By Rita Button
The concept is that to live together freely and honestly, we must establish a culture based on Truth and Conciliation. Respect for and appreciation of differences lead to understanding and inclusion. In a society that has been broken by historical unjust practices, certain redresses must occur. While apologies recognize previous wrongs and mistreatments, they also offer a way forward by repairing what has been broken and working toward a society whose fabric is unique, sometimes flawed, but always open to helping the healing occur.
The Truth and Reconciliation Report, June 2, 2015, has called on various organizations and governments to act as a way of beginning a world in which all are accepted as a valued part of the tapestry.
To understand the nature of the relationships between Aboriginal people and the Europeans, it is enlightening to look at the history, in particular treaties and proclamations. Terra nullius and The Doctrine of Discovery are elements of our past that have been repudiated by the Supreme Court of Canada. In 2016, with a vote of 8:0, the Supreme Court ruled that terra nullius had never been a part of Canadian law or sovereignty in the lands that became known as Canada. Terra nullius is the idea that no one actually owned the land before Europeans claimed sovereignty. The Doctrine of Discovery closely follows the idea of terra nullius, and in spite of both being repudiated by Canada’s Supreme Court is still sometimes used in Canadian courts. Truth and Reconciliation calls upon Canadians to repudiate this concept.
Aboriginal people call upon the Canadian government to develop a Royal Proclamation based on the Royal Proclamation of 1763 and the Treaty of Niagara, 1764. The 1763 Proclamation establishes precisely how lands are to be ceded, bought and sold between Europeans and Aboriginals, making it illegal to buy or sell land without the presence of the Crown and representation from the Aboriginal people. The Royal Proclamation was written by representatives of the Crown.
The following year, The Treaty of Niagara was enacted. This was the result of a gathering of Indigenous people and representatives of the Crown. The Treaty “established a familial relationship binding the King to Indigenous Nations. This is a personal connection that remains important to this day to both Indigenous Peoples and members of the Royal Family and their representatives” (p.1). Sir William Johnson, in presenting the 1764 Covenant Chain and the 24 Nations Wampum as a result of the negotiations at that July gathering, clearly stated that Indigenous Nations’ jurisdictions “cannot be molested or disturbed without Indigenous consent.” (p. 6, IBID)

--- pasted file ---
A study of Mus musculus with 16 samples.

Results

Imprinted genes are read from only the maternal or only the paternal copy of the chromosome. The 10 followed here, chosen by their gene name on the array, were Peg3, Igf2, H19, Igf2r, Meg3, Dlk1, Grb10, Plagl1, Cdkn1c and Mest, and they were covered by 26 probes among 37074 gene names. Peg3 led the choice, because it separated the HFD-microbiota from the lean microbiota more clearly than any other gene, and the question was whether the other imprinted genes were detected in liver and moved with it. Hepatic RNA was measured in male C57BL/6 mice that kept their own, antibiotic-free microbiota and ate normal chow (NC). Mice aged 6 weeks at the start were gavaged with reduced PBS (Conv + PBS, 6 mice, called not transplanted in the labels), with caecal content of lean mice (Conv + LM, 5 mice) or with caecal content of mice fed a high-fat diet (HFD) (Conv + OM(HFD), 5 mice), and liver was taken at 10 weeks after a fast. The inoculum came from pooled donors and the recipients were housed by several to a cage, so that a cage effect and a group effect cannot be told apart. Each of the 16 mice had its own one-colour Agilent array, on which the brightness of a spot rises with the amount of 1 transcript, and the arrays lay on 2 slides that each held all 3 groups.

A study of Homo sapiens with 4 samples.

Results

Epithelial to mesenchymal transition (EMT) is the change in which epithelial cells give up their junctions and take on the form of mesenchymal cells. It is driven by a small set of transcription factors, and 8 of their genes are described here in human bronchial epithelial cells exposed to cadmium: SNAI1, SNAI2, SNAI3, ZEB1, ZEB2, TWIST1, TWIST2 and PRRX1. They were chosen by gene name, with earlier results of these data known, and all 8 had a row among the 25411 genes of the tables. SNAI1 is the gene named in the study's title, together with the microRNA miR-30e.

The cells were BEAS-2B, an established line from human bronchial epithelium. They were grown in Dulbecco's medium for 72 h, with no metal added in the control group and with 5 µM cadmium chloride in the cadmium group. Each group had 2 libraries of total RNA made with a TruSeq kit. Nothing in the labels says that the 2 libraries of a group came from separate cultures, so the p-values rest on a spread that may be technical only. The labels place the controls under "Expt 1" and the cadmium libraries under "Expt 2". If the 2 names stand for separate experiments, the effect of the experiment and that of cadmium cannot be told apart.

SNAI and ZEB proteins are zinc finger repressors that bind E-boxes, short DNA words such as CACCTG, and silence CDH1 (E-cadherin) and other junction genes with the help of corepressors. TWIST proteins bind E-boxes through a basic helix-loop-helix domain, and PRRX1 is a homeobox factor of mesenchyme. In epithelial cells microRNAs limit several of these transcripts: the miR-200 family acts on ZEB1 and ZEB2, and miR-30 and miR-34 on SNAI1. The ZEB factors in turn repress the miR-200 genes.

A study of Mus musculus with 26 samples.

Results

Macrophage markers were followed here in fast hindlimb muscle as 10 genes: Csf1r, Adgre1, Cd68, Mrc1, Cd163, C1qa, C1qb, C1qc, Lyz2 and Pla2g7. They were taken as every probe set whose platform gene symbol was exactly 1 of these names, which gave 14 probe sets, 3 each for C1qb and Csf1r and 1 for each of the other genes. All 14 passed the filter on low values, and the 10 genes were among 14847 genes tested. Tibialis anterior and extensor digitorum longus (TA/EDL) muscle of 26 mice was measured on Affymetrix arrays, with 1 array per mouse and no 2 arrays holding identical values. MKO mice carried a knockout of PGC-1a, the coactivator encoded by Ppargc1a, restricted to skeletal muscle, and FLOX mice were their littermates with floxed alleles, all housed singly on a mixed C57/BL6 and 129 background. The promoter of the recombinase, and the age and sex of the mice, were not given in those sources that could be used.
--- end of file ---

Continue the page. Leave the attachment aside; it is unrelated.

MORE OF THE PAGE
If we are to move toward Reconciliation, we must return to the spirit of The Royal Proclamation of 1763 as well as The Niagara Treaty of 1764.
I thought it might be enlightening to add a small part of a report on Indigenous Studies at UBC ASSEMBLY OF FIRST NATIONS, “Dismantling the Doctrine of Discovery,” January 2018.
A new paradigm to replace the Doctrine of Discovery It is essential to ensure a paradigm that is truthful about the history of past relations between First Nations and settlers.
We must ensure a just process for resolution of outstanding issues of land rights, consistent with our right of self-determination.
Such a framework is essential for advancing the reconciliation process between First Nations and non-Aboriginal Canadians.
Everyone must recognize that Indigenous Peoples in sovereign nations occupied the land before contact.
Settlers are not expected to surrender occupation of lands they live on and return to their ancestral countries of origin.
We are all here and must live together.
Each step contributes to Indigenous and non-Indigenous Canadians living together in harmony, respect and understanding.